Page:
The story of Emma Woodhouse, written by Jane Austen, was published in 1815 and characterizes the life and customs of that time. Emma clearly stands out from her social circle with her daring willfulness, mockery, and energy, the desire to act. However, the freedom of this heroine is truly exceptional against the backdrop of the social role women occupied in early 19th century Britain.
At the beginning of the 19th century, women begin to assert their rights much more often than domestic and maternal responsibilities. One of the reasons for emancipation may be the issue of labor – it can be assumed that with the development of capitalist relations, society needed more laborers. By receiving wages in factories, women actually gained independence of a non-symbolic plan. The French Revolution also influenced the image of a woman as a person with rights and opinion due to the creation of associations where women were accepted (Crenn, 2019). In addition to fighting for their rights, women of that century actively campaigned for the rights of animals (Donald, 2019). The key work that shaped the image of a free woman from the pages of Jane Austen is Mary Wollstonecraft’s work in defense of women’s rights. A woman should not be a toy in the hands of a man – this is what becomes the basis of the personal beginning of a woman in English society at the beginning of the 19th century.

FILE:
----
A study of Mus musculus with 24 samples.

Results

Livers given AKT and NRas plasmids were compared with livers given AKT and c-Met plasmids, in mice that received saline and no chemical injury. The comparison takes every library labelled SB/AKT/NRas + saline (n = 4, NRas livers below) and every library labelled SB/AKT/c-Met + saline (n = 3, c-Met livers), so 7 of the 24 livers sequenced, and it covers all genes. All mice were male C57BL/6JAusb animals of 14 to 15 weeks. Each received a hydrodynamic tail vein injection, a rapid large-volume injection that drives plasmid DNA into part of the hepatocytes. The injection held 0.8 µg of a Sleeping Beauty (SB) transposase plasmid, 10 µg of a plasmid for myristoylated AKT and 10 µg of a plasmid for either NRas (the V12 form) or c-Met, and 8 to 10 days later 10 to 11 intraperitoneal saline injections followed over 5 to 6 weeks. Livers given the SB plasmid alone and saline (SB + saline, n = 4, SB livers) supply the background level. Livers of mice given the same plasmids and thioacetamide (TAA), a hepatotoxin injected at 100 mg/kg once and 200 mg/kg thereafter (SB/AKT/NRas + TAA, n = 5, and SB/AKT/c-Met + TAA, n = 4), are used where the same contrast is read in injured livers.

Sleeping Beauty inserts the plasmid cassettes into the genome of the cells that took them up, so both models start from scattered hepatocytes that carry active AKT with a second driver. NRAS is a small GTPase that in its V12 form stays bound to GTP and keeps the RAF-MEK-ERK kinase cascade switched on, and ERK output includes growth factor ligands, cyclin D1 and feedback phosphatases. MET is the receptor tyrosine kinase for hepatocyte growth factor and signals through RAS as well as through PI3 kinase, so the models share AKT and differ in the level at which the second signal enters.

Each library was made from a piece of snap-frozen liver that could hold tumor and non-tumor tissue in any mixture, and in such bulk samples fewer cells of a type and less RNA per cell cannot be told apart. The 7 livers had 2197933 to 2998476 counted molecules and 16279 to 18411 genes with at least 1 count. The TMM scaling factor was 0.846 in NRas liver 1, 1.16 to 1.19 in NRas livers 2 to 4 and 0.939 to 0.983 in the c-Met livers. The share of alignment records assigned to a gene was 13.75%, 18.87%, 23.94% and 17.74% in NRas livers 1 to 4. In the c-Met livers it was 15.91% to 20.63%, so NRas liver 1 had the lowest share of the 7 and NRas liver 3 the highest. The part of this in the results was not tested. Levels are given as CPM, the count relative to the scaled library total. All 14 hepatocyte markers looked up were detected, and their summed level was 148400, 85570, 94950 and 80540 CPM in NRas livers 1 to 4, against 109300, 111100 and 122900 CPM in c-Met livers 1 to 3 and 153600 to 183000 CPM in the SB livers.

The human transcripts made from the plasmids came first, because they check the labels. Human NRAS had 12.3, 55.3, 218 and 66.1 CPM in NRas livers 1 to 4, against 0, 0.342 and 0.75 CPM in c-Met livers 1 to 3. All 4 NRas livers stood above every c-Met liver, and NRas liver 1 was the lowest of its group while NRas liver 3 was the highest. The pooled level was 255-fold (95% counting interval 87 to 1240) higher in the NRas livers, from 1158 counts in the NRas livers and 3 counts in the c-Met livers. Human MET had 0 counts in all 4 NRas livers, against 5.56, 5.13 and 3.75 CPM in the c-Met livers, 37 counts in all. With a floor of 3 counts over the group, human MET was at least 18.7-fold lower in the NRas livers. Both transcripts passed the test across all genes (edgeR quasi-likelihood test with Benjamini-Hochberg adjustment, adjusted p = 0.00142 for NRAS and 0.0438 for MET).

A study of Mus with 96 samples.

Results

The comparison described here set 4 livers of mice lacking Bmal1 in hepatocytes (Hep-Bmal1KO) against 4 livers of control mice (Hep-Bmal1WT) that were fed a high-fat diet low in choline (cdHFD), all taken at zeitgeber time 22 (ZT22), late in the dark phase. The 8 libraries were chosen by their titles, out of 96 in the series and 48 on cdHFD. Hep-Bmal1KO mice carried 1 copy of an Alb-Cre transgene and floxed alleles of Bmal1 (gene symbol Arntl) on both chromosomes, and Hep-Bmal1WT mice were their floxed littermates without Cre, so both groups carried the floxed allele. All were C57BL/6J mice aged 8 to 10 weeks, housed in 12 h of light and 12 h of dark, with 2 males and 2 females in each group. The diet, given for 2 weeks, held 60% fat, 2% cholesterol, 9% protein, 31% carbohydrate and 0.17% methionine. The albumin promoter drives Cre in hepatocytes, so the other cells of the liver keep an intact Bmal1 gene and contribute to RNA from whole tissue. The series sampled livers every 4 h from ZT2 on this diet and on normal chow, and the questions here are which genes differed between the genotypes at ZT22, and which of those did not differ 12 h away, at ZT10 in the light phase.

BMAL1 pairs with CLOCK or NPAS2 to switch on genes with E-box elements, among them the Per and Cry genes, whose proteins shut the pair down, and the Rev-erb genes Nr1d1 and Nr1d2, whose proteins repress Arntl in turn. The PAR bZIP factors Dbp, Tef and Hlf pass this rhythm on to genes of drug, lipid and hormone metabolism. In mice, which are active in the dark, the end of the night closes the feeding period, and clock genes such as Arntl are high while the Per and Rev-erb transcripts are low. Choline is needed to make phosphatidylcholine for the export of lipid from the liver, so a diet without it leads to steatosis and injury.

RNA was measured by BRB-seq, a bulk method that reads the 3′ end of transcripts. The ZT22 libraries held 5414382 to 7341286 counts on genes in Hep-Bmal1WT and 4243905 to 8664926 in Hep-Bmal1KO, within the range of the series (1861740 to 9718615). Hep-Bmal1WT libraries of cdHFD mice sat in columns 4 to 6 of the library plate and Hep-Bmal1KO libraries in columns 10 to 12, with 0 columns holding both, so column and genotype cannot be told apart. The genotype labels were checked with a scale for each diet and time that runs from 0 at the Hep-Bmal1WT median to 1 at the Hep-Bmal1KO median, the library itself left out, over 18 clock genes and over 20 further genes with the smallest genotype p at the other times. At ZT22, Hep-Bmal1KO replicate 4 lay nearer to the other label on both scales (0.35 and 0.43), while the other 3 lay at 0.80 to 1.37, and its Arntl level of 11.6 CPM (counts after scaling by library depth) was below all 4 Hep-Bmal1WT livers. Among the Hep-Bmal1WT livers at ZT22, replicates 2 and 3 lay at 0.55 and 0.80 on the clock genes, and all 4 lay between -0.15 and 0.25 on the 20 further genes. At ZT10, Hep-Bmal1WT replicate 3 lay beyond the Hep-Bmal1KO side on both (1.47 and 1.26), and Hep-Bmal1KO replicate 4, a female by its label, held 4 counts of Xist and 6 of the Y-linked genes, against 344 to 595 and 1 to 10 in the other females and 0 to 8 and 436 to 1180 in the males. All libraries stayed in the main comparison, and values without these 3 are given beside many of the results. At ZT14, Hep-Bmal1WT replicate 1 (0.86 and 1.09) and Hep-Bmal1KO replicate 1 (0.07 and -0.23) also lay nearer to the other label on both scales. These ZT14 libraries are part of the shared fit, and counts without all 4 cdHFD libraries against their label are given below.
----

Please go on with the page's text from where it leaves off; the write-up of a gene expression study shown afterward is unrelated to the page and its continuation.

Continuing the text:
Bowie, F. (2021). Women and missions: Past and present: Anthropological and historical perceptions. Bloomsbury.
Crenn, H. (2019). Legitimizing the role of women in the process of state building in post-revolutionary France. International Journal on Rule of Law, Transitional Justice and Human Rights 10, 67-75
Donald, D. (2019). Women against cruelty: Protection of animals in nineteenth-century Britain. Manchester University Press.
Thompson, C. (2019). Women travellers, romantic-era science and the Banksian empire. Notes and Records: The Royal Society Journal of the History of Science 73(4).